May 13, 2019 feature
Researchers present new direct-detection constraints on Sub-GeV dark matter
In a recent study, a team of researchers has presented new direct-detection constraints on eV-to-GeV dark matter interacting with electrons, using a new prototype detector developed as part of the Sub-Electron-Noise Skipper-CCD Experimental Instrument (SENSEI) project. The SENSEI collaboration is comprised of researchers from several institutions, including the Fermi National Accelerator Laboratory (Fermilab), the Lawrence Berkeley National Laboratory (Berkeley Lab), Stony Brook University, Tel Aviv University and the University of Oregon.
"SENSEI's goal is to search for dark matter in the mass range 1 eV to 1 GeV, i.e. many orders of magnitude in mass below the proton," Rouven Essig, one of the researchers who carried out the study and a faculty member at Stony Brook University, told Phys.org. "This can be done by searching for dark matter interactions with electrons. However, performing such a search requires ultra-sensitive detectors, since when dark matter scatters off an electron, it produces only a tiny amount of charge in a detector. SENSEI uses Charge Coupled Devices (CCDs) that have an ultra-low readout noise, so-called Skipper-CCDs."
The Skipper-CCDs used by SENSEI were developed as part of an R&D collaboration between Fermilab and Berkeley Lab. In previous studies, the readout noise was a limiting factor, as it restricted the accuracy with which the charge in the CCDs could be measured. The use of new sensors now allows researchers to attain a precise measurement of this charge, which in turn enables a search for dark matter interactions with electrons at unprecedented levels.
In their study, the SENSEI Collaboration collected data in the MINOS Hall, a 120-foot-long cavern located 350 feet below the surface of the Fermilab campus. The MINOS cavern contains a smaller version of the MINOS detector in Soudan, which is used to measure the properties of neutrinos.
"We took several sets of data with a small, 0.1 gram, prototype Skipper-CCD at the underground MINOS facility at Fermilab," explained Juan Estrada, a scientist at Fermilab who was involved in the study. "This prototype was packaged and shielded in a copper vessel."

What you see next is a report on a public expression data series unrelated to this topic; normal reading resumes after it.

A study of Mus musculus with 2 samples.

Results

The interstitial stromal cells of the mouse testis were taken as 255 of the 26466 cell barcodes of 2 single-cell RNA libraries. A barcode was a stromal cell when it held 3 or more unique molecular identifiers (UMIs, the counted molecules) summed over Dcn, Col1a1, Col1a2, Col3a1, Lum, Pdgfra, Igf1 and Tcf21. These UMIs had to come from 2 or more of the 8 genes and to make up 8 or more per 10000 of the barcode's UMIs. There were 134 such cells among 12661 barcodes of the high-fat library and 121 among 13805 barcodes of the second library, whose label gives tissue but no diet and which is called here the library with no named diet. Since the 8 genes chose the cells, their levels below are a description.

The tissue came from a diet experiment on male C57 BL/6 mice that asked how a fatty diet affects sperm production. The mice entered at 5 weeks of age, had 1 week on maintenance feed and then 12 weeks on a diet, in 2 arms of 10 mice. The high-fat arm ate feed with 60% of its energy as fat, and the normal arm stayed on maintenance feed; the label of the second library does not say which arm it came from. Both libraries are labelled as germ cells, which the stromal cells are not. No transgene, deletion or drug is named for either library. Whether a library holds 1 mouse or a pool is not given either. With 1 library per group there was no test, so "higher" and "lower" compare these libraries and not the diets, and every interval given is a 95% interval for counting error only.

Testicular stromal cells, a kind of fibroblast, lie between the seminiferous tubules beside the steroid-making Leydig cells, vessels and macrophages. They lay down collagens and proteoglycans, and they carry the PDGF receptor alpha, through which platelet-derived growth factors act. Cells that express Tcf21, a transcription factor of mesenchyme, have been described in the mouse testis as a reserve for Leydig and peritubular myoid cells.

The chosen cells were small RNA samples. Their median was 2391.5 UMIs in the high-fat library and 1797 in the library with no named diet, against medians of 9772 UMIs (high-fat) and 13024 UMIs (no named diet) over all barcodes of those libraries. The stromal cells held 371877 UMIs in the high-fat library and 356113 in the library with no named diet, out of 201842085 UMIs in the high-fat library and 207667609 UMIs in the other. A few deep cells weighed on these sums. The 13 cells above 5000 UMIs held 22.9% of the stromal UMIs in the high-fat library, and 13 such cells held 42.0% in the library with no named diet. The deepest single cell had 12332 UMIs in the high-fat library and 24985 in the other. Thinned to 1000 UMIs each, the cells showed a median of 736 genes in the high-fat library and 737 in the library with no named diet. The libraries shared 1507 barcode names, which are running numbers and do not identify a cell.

The researchers carried out a series of experiments. Firstly, they read out the Skipper CCD continuously accumulating an exposure of 0.177g/day. Although they observed no events involving three or more electrons, they found a large one- and two- electron background event rate. They attributed this finding to spurious events induced by the amplifier in the Skipper-CCD readout stage.
The SENSEI Collaboration also tested a second strategy, which involved taking five sets of data while switching off all amplifiers and exposing the Skipper CCD for 120ks. Subsequently, the researchers read out the data via the best prototype amplifier available to them. In this case, they observed a one-electron event rate that was almost 2 orders of magnitude lower than the event rate observed in their continuous-readout experiment. Once again, they observed no events containing three or more electrons, for an exposure of 0.069g/day.
"Our data was able to set new constraints on dark matter, including the best constraints on dark matter scattering of electrons for masses in the range 500 keV to 5 MeV," said Tien-Tien Yu, a faculty member at the University of Oregon who carried out the study. "This data was taken with a prototype detector. One of our main goals was to improve our understanding of the behavior of the detector so that we are ready to collect data with improved sensors in the future."
The SENSEI Collaboration used the data collected in their study to derive world-leading constraints on dark matter-electron scattering (for masses between 500keV and 5MeV), as well as on dark-photon dark matter that is being absorbed by electrons (for a range of masses below 12.4 eV). These results could enhance their understanding of detectors and ultimately inform data collection using more advanced sensors.
"We are now procuring new, improved Skipper-CCDs, with which we will build a much larger detector," said Javier Tiffenberg, a scientist at Fermilab who was involved in the study. "After testing the new sensors, we will take new data at Fermilab as well as at SNOLAB (Canada) to search for dark matter."
Currently, the SENSEI collaboration is procuring approximately 100g of new Skipper-CCDs and customized electronics for an experiment at SNOLAB, which are set to be installed later this year. According to the researchers' predictions, these sensors should significantly outperform current ones, with an improved noise performance and a lower dark-count rate.
Tomer Volansky, a faculty member at Tel Aviv University who is part of the SENSEI collaboration, stated: "The resulting search will probe orders of magnitude of new dark matter parameter space. We are very excited about what lies ahead."